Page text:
Tucson wins the fight for $15
Arizona workers demand $15 minimum wage in advance of the Nov. 2nd vote. | SEIU via Twitter

TUCSON—Defeating a well-financed campaign by big employers, Tucson voters last week overwhelmingly decided to enact a $15-an-hour minimum wage for the city. The current Arizona state minimum wage is $12.15 an hour.

The corporate-owned media has been trying to portray the Nov. 2, 2021, elections as a big victory for Republican politics, but they are doing so with scant evidence. They are ignoring places like Tucson, where the Republican Party is even afraid to run candidates.

The so-called “Blue Wave” that progressives had hoped would sweep the country in November 2020 when Trump was ousted, did not materialize nationwide, but it did happen here in Tucson. The Republicans took such a beating in Pima County last year that the local business interests tried a different strategy for the elections this time in Tucson, the county’s largest city.

Instead of running candidates as Republicans, the Chamber of Commerce had a stealth campaign with one candidate running in the Democratic primary in Ward 3 and another running as an independent in Ward 6. Voters were not fooled.

Three Democrats won, including moderate incumbents Steve Kozachik and Richard Fimbres. Longtime progressive environmental activist Kevin Dahl was elected to the open Ward 3 seat, defeating independent Lucy Libosha and a far-right Republican who managed to get on the ballot without his party’s support. Another three city council members and the mayor will be elected in 2023. All six council members and the current mayor are Democratic. A proposition to raise the salaries of city council members failed by an extremely narrow margin.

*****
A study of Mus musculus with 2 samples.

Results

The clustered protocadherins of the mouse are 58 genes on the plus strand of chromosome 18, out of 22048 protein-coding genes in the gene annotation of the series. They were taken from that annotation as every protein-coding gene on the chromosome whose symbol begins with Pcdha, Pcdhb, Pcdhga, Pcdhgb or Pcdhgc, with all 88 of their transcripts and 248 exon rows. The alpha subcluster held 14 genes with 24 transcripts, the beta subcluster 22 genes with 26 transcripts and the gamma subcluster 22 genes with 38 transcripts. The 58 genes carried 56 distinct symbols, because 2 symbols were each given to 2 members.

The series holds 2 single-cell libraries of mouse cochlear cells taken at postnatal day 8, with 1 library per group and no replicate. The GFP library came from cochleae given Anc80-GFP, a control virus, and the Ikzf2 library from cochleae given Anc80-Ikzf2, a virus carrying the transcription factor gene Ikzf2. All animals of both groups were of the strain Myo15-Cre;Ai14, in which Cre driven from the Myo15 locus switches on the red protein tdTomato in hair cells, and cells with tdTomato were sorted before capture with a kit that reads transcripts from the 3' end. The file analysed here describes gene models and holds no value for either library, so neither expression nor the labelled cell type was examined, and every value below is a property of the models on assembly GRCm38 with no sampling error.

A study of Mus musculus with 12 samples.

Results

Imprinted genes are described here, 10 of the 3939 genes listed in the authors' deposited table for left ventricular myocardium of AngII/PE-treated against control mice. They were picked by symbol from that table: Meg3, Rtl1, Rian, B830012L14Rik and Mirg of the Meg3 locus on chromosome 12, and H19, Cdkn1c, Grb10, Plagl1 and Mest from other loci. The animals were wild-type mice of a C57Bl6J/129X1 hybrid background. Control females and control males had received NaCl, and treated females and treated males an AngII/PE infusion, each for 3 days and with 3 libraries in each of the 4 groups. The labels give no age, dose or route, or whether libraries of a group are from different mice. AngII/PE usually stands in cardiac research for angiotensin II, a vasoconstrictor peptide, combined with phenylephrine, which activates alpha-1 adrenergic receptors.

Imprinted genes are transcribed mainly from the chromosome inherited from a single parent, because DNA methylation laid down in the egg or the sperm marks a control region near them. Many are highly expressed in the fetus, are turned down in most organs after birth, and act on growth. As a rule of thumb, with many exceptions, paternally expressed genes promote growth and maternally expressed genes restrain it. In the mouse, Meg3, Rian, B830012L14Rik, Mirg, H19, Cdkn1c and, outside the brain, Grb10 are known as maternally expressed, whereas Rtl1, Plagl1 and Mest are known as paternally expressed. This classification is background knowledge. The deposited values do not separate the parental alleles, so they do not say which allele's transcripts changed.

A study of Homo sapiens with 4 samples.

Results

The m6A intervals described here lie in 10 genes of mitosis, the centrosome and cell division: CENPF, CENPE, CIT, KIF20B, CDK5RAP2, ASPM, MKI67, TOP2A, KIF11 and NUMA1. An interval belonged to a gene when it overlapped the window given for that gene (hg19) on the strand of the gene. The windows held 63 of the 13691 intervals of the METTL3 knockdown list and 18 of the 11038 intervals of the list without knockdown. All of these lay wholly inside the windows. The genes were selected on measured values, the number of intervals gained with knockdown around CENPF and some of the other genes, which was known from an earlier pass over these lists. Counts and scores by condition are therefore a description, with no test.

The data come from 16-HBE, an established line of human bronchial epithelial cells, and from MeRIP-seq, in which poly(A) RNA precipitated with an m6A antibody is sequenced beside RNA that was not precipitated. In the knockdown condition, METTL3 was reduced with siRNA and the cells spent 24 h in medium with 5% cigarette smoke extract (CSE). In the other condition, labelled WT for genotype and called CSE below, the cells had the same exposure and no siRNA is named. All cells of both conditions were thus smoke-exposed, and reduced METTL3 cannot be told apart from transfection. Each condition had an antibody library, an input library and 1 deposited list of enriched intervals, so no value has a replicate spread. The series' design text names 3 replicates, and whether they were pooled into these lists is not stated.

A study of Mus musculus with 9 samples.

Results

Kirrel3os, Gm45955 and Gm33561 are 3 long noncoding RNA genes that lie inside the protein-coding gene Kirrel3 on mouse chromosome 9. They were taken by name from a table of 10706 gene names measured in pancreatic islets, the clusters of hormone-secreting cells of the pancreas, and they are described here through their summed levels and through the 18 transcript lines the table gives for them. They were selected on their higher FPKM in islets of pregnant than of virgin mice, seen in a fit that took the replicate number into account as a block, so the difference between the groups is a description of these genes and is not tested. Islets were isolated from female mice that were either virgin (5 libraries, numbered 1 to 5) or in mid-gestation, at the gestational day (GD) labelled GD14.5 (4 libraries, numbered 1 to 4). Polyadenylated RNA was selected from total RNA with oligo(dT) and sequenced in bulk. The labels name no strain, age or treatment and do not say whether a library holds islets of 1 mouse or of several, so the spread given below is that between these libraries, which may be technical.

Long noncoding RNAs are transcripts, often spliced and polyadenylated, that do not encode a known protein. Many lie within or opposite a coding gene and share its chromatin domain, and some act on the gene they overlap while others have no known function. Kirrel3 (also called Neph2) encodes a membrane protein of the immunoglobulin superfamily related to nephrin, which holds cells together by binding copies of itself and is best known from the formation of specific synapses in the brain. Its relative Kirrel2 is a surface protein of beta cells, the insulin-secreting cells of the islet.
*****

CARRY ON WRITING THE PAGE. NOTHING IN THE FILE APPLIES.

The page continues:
The Fight for $15 Act, meanwhile, will not only raise the minimum wage to $15-an-hour by 2025 but also create a city office for enforcement to offer protections against wage theft, shaving off time from workers’ shifts, and other tricks used to exploit the poorest working people. Tipped workers’ wages will increase from $9.15 to $12-an-hour, and all raises will continue to be adjusted for cost of living increases.

Organizers say that over 85,000 Tucsonans will benefit from the wage increase, which will be a boost for Tucson’s economy. The enforcement policy will also add money to the local economy by recovering millions in unpaid wages to low-paid workers. This money will be locally spent and increase tax collection. Higher wages will also increase contributions to Social Security and Medicare funds. Tucson’s labor movement was in the thick of the campaign, especially in the Fight for $15, with funding and volunteers.

The stage is now set for the 2022 midterm elections with redistricting and a large number of state legislators retiring or running for higher offices.


Joe Bernick
Joe Bernick

Joe Bernick is the Director of Salt of the Earth Labor College, Tucson, Arizona.